Every time you feel in God's creatures something pleasing and attractive, do not let your attention be arrested by them alone, but, passing them by, transfer your thought to God and say: "O my God, if Thy creations are so full of beauty, delight and joy, how infinitely more full of beauty, delight and joy art Thou Thyself, Creator of all!
- Nicodemus of the Holy Mountain

You can’t get to joy by making everything perfect. You can only get there by seeing in every imperfection all that’s joy.
-Ann Voscamp

Monday, November 29, 2010

Canning Venison

This past weekend, Dan and I canned venison. It was my first time canning meat, but was actually very easy (though time consuming), and the results are delicious!

First, sweet-talk your hubby into helping. :)
Gather everything you need before you begin, preventing any last minute scrambles. You will need a pressure caner with rack, straight sided (wide mouth) pint jars, lids and bands, a jar lifter, magnet wand or tongs for lifting lids out of hot water, a wide mouth funnel, kitchen timer, plenty of wash cloths and kitchen towels, canning salt and some MEAT!
You may have read about canning meats, and (if you're like me) it may have scared you silly. Don't be afraid! This really is easy. The family I learned this from has been preparing and eating venison this way since they were itty bitty, and I've had my share of it as well. It is well worth the effort.
Wash all equipment in hot soapy water, using regular dish washing liquid. This includes the jars. Soak the jar lids in hot water until ready to use.
Pack your cubed meat into the jars leaving one inch of head space. We didn't pack ours quite as full as we could have. I was a bit afraid of packing them too full. We used all of the meat that people would usually grind into burger. I love all venison as long as it's NOT burger, so this works out well for us.

Add 1/4 tsp. canning salt to the top of each packed jar, wipe rim with clean, damp cloth, cover with lid and screw band finger-tip tight.

These handy little wands with magnets on the end are great for picking the lids out of the hot water.

When the jars are packed, load your canner (with approximately three inches of water in the bottom). You want enough water that it won't evaporate, but you do not want to cover the first layer of jars. Some people put a second rack on top of the first layer of jars before adding the second layer. If you don't have a second rack, just stagger the jars so each jar on the second layer is resting on two jars from the first layer.

If you have two canners, yay for you! You can make a double batch!

Now for the hard part. ;) Drag you rocking chair right into your kitchen, and grab a really good read. You're going to be here a while!

Leaving the steam escape valve open, exhaust you canner for about six to eight minutes. This means that steam should be coming out in a steady stream without breaks for about six minutes before you close the valve and begin building pressure in your canner. When the pressure gets to 10 lbs., set your timer for 75 minutes. Now settle in with your book, and keep watch over your canner, keeping the pressure as near 10 lbs. as possible. Don't allow it to fluctuate too rapidly, as this will create a vacuum that will such the liquid out of your jars.
At this point you may be wondering, "What liquid?" It's magic, I tell you, magic! The meat has a LOT of liquid in it without you having to add any. It makes it's own heavenly broth as it cooks in the jars. That broth is one of my favorite results of this whole process.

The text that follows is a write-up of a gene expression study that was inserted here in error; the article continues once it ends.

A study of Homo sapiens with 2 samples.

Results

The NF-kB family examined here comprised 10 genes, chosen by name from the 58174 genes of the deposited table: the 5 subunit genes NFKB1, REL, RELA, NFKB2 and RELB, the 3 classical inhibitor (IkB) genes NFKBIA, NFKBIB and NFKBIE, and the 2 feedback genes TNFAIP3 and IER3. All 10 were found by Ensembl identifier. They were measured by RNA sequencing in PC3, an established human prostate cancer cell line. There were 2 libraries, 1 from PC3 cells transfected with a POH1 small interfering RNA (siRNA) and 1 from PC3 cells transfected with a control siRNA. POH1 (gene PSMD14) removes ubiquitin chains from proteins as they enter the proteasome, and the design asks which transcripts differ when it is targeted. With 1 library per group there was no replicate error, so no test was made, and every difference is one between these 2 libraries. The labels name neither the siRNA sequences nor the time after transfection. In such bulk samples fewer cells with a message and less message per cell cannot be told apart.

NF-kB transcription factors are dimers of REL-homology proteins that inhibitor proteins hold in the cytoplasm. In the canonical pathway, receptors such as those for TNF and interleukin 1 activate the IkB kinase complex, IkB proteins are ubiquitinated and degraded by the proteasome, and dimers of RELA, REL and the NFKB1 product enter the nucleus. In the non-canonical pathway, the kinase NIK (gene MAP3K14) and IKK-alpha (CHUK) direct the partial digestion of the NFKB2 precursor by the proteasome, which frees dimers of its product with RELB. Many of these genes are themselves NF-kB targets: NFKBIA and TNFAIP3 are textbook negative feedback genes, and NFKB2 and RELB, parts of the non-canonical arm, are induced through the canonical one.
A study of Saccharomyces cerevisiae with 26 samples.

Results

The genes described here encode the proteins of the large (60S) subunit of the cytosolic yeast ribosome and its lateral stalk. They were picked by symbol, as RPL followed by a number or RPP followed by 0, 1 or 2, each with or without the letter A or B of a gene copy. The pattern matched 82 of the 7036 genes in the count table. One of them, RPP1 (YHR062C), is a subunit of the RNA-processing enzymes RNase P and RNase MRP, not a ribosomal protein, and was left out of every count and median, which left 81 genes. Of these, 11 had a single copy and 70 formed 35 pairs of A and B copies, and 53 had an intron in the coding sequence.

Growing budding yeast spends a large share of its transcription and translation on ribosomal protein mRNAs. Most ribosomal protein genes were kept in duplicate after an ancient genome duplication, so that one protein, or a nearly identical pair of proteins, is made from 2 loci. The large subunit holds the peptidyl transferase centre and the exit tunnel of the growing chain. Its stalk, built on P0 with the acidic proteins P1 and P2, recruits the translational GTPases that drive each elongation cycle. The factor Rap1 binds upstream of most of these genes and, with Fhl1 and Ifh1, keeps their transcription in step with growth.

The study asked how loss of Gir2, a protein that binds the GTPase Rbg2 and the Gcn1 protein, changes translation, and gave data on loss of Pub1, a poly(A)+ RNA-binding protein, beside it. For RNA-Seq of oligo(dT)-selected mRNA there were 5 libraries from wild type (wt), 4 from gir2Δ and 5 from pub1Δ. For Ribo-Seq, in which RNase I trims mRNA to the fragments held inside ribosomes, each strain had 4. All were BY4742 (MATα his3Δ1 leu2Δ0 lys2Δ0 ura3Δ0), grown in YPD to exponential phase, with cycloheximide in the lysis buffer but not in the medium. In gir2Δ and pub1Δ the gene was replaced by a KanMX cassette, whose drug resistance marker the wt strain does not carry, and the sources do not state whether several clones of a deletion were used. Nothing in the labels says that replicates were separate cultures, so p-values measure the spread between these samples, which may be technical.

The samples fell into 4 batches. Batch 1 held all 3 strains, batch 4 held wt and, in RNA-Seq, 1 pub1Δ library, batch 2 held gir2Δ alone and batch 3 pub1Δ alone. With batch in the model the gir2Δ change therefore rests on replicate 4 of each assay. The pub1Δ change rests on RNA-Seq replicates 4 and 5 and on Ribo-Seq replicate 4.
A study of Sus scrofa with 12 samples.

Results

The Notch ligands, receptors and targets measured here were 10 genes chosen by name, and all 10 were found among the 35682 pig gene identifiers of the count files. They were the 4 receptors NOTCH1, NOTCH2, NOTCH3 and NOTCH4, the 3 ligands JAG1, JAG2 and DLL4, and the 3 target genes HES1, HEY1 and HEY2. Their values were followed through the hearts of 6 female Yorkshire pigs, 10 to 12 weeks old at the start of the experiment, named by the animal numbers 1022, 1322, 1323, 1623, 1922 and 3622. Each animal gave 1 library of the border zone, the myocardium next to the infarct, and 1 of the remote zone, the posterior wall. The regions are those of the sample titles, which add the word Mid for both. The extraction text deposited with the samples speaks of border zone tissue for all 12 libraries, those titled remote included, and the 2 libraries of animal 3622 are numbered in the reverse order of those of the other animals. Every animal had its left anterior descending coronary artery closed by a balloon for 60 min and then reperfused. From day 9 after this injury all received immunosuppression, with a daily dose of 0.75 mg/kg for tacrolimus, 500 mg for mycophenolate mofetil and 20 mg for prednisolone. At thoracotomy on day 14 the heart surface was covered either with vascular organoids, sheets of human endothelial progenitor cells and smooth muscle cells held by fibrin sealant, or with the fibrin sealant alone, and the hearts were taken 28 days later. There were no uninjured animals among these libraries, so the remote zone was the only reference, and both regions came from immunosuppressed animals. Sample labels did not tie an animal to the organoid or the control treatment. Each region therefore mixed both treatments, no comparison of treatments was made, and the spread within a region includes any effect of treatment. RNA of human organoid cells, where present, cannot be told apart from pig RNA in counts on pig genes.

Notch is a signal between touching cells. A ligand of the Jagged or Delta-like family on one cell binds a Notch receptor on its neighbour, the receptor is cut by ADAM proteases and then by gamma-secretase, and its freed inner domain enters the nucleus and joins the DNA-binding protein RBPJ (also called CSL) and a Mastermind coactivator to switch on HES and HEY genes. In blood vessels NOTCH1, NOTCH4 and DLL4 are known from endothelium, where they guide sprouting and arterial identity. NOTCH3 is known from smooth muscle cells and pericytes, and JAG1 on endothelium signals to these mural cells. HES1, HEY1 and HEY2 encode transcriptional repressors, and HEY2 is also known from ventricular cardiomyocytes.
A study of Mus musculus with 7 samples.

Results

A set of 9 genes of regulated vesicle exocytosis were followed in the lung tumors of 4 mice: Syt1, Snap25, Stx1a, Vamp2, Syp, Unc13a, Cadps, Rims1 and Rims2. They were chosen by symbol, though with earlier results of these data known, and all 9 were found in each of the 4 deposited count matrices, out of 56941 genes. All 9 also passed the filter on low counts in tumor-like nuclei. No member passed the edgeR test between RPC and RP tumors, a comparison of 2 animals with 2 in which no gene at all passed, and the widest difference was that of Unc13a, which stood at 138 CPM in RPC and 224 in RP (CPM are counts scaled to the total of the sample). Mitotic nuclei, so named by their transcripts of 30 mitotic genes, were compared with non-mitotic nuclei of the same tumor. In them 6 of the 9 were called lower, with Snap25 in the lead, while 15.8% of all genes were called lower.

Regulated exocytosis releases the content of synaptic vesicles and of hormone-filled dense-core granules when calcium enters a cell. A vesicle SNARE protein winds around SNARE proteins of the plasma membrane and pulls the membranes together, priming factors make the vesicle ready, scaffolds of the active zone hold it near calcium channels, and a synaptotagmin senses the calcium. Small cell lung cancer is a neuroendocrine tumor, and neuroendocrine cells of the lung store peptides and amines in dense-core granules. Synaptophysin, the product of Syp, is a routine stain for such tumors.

It may take a minute or two for you to get the pressure to stay relatively steady. Just adjust your flame little by little until it levels off. When the time's up, turn off the heat and wait. And wait...and wait...(I'm not very patient, especially this close to the end. I just want to see the results!)...until the pressure is at zero. You don't want to release the pressure quickly for two important reasons. First of all, the steam is HOT! And very importantly, if you do, you'll cause liquid to be sucked out of your jars. This could definitely interfere with your jars sealing properly, and you'll loose all the wonderful broth. And it is wonderful, I tell you!

We had to break into a jar when it was still warm. Oh, it was so good! The broth was wonderful, perfectly salted. The meat was oh so perfectly tender. Pressure canning absolutely transforms tough meats! You just won't believe it...until you try it! :) Enjoy!


  1. Excellent tutorial, Patty. The pictures add so much. Is there any reason why you didn't use quart jars?

    Thanks for taking the time to do this.

  2. I am SO glad you posted this. My grandma (now passed away) used to make us canned venison all the time when we were really little. I LOVED it. Now everyone is asking me to can venison and I don't have a clue how to do it. This tutorial is VERY much appreciated!!! Now I just have to find myself a pressure canner and I'm ready to go. :)

  3. Excellent post! Bravo to you and hubby for all this hard work! Now, what types of recipes do you use the canned meat in, I'm filing this all away for future use :)

    A pressure canner is on my birthday list for next year!

  4. And - what a gorgeous new header photo!

  5. Hey Mama Pea-
    There's probably not a really good reason for choosing pints. That's what was used by the people I learned from, so without really thinking about it I did the same. Also, you have to increase the canning time with larger jars, and 75 minutes was long enough for me. :)

  6. Mama Tea-
    I'm so glad you enjoyed the post, and that you found it helpful. I was so glad to learn from someone else who had a failry easy method.

    I'm going to use it any time I need something fast. It would be great with the broth thickened up for a stir fry, or made into a gravy for a roast venison sandwich or over rice or potatoes...Now I'm drawing a blank. Can't think of anything else right now.